Parents raising awareness after San Tan Valley toddler swallows button battery

What doctors initially thought was an ear infection turned out to be a button battery that was lodged into 19-month-old Luke McMillian's esophagus.
Published: Jan. 31, 2023 at 10:42 PM MST
Email This Link
Share on Pinterest
Share on LinkedIn

SAN TAN VALLEY, AZ (3TV/CBS 5) -- Luke McMillan could have lost his life when he swallowed a button battery days after his 1st birthday in June. Now, he is 19 months old and still recovering. Luke is the youngest of five boys. “I would have to say he definitely completes our family, and I am so glad that he is still here with us,” said Luke’s mom, Erica.

But days after his birthday, Erica said he had a fever. A doctor said it could be an ear infection and prescribed antibiotics. They didn’t help. “He was swallowing food and choking. Then he was spitting it right back out,” said Erica.

After five weeks of looking into the problem, doctors ran x-rays that showed a circular object lodged into Luke’s esophagus. He was rushed to the hospital and went into surgery. “The thought of losing him was just sad and devastating,” said KC. “I was devastated, and I lost hope while he was in there,” Erica added. Surgeons told Luke’s parents that he might not survive the surgery, but he did.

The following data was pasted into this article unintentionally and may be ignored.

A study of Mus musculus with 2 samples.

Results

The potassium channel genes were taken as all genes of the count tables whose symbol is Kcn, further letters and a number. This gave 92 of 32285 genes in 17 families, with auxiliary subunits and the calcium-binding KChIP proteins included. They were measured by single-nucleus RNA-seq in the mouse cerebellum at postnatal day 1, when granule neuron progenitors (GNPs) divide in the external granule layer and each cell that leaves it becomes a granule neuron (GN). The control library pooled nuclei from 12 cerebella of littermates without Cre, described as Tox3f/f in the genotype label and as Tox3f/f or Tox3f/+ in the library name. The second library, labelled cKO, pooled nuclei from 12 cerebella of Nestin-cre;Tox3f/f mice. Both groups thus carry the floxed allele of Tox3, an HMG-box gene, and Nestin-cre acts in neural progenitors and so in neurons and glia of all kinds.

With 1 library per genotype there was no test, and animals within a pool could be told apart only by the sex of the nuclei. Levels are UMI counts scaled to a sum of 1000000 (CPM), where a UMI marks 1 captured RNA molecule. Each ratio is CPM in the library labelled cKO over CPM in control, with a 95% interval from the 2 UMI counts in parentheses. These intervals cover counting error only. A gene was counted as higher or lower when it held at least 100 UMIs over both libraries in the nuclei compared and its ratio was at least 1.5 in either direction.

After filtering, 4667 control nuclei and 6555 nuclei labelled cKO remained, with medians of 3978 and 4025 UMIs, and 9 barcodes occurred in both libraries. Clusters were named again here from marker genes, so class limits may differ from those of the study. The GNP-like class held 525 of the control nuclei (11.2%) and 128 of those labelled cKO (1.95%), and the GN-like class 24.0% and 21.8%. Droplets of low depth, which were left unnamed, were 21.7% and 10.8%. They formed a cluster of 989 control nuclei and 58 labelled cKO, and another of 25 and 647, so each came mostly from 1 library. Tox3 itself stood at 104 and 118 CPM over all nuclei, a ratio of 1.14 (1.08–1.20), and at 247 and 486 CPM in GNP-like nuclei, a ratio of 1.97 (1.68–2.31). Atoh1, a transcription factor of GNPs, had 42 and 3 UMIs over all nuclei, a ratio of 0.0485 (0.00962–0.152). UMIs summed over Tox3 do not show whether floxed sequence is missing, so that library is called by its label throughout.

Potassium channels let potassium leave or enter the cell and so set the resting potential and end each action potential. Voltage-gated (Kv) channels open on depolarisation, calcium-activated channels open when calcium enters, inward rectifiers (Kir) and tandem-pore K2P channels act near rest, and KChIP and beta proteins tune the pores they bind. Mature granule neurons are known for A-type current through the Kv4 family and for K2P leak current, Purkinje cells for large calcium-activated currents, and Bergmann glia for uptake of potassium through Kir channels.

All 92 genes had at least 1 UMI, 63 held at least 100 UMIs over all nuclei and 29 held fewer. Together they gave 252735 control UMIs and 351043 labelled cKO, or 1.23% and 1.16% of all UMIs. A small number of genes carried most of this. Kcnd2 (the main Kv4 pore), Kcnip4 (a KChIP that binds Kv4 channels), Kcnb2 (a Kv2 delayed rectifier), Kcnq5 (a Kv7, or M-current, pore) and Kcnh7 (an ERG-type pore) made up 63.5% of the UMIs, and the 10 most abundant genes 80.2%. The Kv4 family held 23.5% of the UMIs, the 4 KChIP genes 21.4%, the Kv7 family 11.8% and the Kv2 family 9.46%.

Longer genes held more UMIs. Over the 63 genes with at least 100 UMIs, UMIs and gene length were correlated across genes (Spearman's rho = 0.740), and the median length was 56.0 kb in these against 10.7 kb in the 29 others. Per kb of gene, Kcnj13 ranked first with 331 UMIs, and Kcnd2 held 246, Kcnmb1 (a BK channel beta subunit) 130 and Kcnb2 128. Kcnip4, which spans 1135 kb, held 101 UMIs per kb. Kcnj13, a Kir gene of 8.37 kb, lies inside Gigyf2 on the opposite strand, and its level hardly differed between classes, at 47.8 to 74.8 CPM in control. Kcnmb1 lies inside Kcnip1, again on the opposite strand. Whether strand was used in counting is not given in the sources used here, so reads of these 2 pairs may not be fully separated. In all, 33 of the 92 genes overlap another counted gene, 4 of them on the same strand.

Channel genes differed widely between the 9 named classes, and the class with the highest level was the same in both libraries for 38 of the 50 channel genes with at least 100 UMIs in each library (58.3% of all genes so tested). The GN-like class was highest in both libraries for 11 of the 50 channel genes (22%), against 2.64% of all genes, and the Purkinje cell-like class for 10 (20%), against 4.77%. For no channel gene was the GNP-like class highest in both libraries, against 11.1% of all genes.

Dr. Gary Kirkilas, a Pediatrician and the Spokesperson for the American Academy of Pediatrics, said button batteries can do severe damage by producing an electrical burn. “Some of the electrical burns can happen within two hours. Sometimes kids will give an indication that that’s going on. They complain of chest pain. They might be throwing up and refusing to eat. They might even be spitting out or vomiting blood,” said Dr. Kirkilas.

Luke wasn’t showing those severe symptoms due to the battery being wrapped in tape on one side and a plastic film on the other. It likely reduced contact with tissue.

Dr. Kirkilas said younger kids around Luke’s age are at higher risk of having severe symptoms from swallowing a button battery. That’s because their esophagus is smaller, and batteries are more likely to get stuck. Surgery removal is necessary.

Luke was lucky, but his case is now a cautionary story for other parents. “Be aware. Just be aware of what types of toys you have in your house, what kind of batteries are in those toys,” said Erica.

Luke’s family says the battery came from a toy, but they’re unsure where he was when he swallowed it. Luke is still struggling to eat solid foods. He’s had surgeries, including one last week. However, his mom said he was able to eat a banana recently.

He will need a couple more surgeries. His parents’ insurance won’t cover the costs, so they’ve set up a GoFundMe page for Luke.